I have two crafts that I love: cross-stitch and knitting.
Years ago I visited one of my favorite places in the world, Wintherthur, and marveled at a corner nook filled with antique samplers. I was already producing samplers of my own and I loved the process. The counting, the way the design gradually appears on the linen, the threads, and the satisfaction. Of course, being CDO I am quite fanatical that the back of the design be perfect, either unstitching entire swaths or performing detailed surgery just to make sure that each thread is properly tucked under the stitches without knots or carried threads. Once, when I took some pieces to be framed, the gentleman helping me actually turned the design upside down; he thought that the reverse was the actual design!
As much as I love to stitch, I have essentially mastered the craft. I love it, the rhythm of the stitches, threading the needles (I can thread a needle on a bumpy bus ride), carefully laying the threads so that they’re flat and symmetrical. But it takes time and, unless you give away your work, your finished pieces start to accumulate, you run out of wall space, and I am one who can have too many pillows.
I needed a new craft that would present a skill challenge and keep me engaged. I just didn’t know what it would be. It wasn’t stamping or card making, it wasn’t embroidery, and it wasn’t painting or sewing. I wasn’t sure what it would be.
Then I took a weekend visit to the house of my friends Mike and Michael in West Virginia. Mike was hard at work on a scarf for his mother. As the weekend wore on I became more fascinated with what he was doing. He was moving fast, for one thing, and manipulating these two needles and creating a lovely product. It was a soft merino wool and felt soft and soothing to the touch. By the end of the weekend it must have grown another foot in length. And he picked it up any time he had a moment: in the car, watching television, sitting around chatting, between house chores.
Some months later, after Mike had produced sweaters, vests, socks, mittens, and gods know what else, I asked if he would be willing to make me a shawl—since my office, at the time, was a walk-in ‘fridge. He was more than willing, but as he started asking me what I wanted I thought, “Why don’t you learn to fish, Scorch? Learn how to knit!”
And learn I did. I got together with my friend Ruth who explained that she learned to knit when she was about four. “I’m from the English countryside,” she explained. “That’s what we do.” And so she brought out the wood needles on which she learned to knit and set about teaching me. Needless to say, I felt like I was working with my feet, and it looked as much. But the tea and cookies made the process bearable and when Ruth left I worried that I would forget everything that she taught me that afternoon. Now I would just have to practice.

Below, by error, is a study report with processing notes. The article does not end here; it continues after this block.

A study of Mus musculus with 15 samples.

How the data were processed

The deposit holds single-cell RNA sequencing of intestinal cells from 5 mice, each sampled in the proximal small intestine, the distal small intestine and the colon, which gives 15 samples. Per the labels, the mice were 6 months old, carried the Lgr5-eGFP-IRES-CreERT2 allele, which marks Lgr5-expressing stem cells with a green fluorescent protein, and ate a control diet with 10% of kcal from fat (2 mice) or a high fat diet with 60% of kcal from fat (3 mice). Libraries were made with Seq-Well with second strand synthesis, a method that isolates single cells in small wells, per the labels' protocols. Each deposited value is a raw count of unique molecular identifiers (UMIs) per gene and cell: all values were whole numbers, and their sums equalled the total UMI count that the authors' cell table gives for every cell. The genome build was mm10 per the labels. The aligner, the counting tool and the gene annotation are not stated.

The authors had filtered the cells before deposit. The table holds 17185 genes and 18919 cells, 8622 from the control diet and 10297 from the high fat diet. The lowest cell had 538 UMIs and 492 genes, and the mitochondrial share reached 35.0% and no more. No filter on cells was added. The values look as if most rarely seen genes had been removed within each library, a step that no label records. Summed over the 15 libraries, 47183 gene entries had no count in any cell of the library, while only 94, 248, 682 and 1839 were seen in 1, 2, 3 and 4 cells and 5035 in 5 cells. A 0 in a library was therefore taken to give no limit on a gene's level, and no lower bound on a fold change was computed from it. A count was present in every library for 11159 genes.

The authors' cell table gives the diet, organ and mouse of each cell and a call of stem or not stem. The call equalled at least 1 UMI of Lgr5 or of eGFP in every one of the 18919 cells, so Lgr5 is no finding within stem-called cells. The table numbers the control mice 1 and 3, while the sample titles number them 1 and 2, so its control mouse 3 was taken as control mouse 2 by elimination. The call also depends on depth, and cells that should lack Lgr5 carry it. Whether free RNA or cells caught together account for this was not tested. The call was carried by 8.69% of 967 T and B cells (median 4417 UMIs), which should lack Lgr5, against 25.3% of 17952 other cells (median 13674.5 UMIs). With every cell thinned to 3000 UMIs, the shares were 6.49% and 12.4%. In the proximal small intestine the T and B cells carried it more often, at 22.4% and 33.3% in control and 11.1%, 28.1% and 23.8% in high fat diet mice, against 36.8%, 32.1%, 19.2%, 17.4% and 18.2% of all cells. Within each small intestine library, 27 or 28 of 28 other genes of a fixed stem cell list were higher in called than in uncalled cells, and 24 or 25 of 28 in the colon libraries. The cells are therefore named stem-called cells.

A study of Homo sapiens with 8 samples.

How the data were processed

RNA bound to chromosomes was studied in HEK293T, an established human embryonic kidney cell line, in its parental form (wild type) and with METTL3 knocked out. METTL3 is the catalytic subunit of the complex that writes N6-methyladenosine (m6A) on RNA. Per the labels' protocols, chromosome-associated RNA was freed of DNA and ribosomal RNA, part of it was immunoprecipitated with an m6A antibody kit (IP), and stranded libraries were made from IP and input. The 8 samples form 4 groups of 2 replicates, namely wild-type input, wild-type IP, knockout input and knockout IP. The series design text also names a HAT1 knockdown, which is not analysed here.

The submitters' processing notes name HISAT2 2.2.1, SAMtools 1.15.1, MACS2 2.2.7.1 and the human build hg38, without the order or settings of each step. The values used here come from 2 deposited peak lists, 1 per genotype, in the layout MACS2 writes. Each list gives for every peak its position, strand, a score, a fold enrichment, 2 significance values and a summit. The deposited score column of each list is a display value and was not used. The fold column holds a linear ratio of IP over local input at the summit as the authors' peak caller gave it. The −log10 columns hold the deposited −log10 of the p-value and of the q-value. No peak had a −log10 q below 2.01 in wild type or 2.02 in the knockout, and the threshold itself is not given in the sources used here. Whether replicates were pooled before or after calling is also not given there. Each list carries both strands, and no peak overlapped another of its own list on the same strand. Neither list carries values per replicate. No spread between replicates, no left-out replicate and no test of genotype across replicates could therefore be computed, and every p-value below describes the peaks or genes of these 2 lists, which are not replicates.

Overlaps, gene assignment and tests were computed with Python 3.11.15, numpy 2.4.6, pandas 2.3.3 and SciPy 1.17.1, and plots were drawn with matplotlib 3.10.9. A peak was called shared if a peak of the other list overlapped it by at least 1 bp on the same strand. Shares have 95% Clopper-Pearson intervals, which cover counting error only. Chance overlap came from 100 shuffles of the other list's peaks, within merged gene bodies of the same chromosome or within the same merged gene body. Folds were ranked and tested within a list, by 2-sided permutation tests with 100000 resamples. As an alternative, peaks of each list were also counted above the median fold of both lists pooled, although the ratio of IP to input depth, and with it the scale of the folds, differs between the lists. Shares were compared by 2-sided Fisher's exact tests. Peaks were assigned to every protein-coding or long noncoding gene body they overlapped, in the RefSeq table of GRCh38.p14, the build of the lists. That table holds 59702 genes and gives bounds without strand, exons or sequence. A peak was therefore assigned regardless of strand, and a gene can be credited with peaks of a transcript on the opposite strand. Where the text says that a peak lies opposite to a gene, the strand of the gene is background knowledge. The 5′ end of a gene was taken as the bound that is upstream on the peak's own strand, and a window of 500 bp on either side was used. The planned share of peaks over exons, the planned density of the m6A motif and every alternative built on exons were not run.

Thank goodness for YouTube. For when I forgot how to cast on it saved my life—and it also introduced me to the continental method of knitting which was not only more intuitive to me, but was much faster. It wasn’t easy; the stitches were wonky and looked bad. But Mike insisted that I stay with it: “It will happen,” he said. So I worked on row after row of knitting and purling and, before you know it, it was happening! The stitches were even, I had developed a rhythm. I bought a book—perhaps it would help if I was actually making something.
And I made my first pot-holder—with two colors to boot! I went on to make scarves, and bags, and washcloths. I was learning new stitches, patterns, and making gifts for friends as the same time. It was fun and relaxing. And it was social! I discovered Ravelry, made knitting buds across the country, and learned more and more about the craft. And while I stayed with smaller projects, I was getting quite good at the mechanics.
As is my wont, I began to investigate the socioeconomic approaches to knitting—historically and in the present. There was also a feminist empowerment about it. And it crossed the gender lines. There are a lot of male knitters out there, and all of them push back against the unfair feminized stereotype that a lot of people adopt without so much a thought. Particularly since knitting had its start within the male trade guilds in the Middle Ages. And that was another thing: the largely American colonial history that attracted me to American cross stitch was matched by knitting’s rich historical timeline. There is something about being one person to carry on a time-worn art that means so much to me.
When I was diagnosed with breast cancer in July knitting became a valued sanity anchor. Waiting, testing, doctor’s appointments, travel to and from—they were all opportunities to carry along my project bag and pass the time. But it did more than just pass the time, it focused me and forced me to be pragmatic. The one time I neglected to bring an additional ball of yarn with me was the time that I found myself obsessing over my diagnosis; repeatedly welling up in the waiting room and in real danger of having been taken over by the sheer force of this disease and everything that came along with it. I was losing it. Although I was not cognizant of it in the weeks that proceeded that day, knitting, the craft I did for sheer enjoyment, had become an anchor in a troubled sea. It was the thing that kept me still and prevented me from drifting away from the rational reality of the moment to the unmitigated fear of the future.
And, as it turns out, I’m not the only one. I’ll talk more about that in the next installment of “The Anchor.”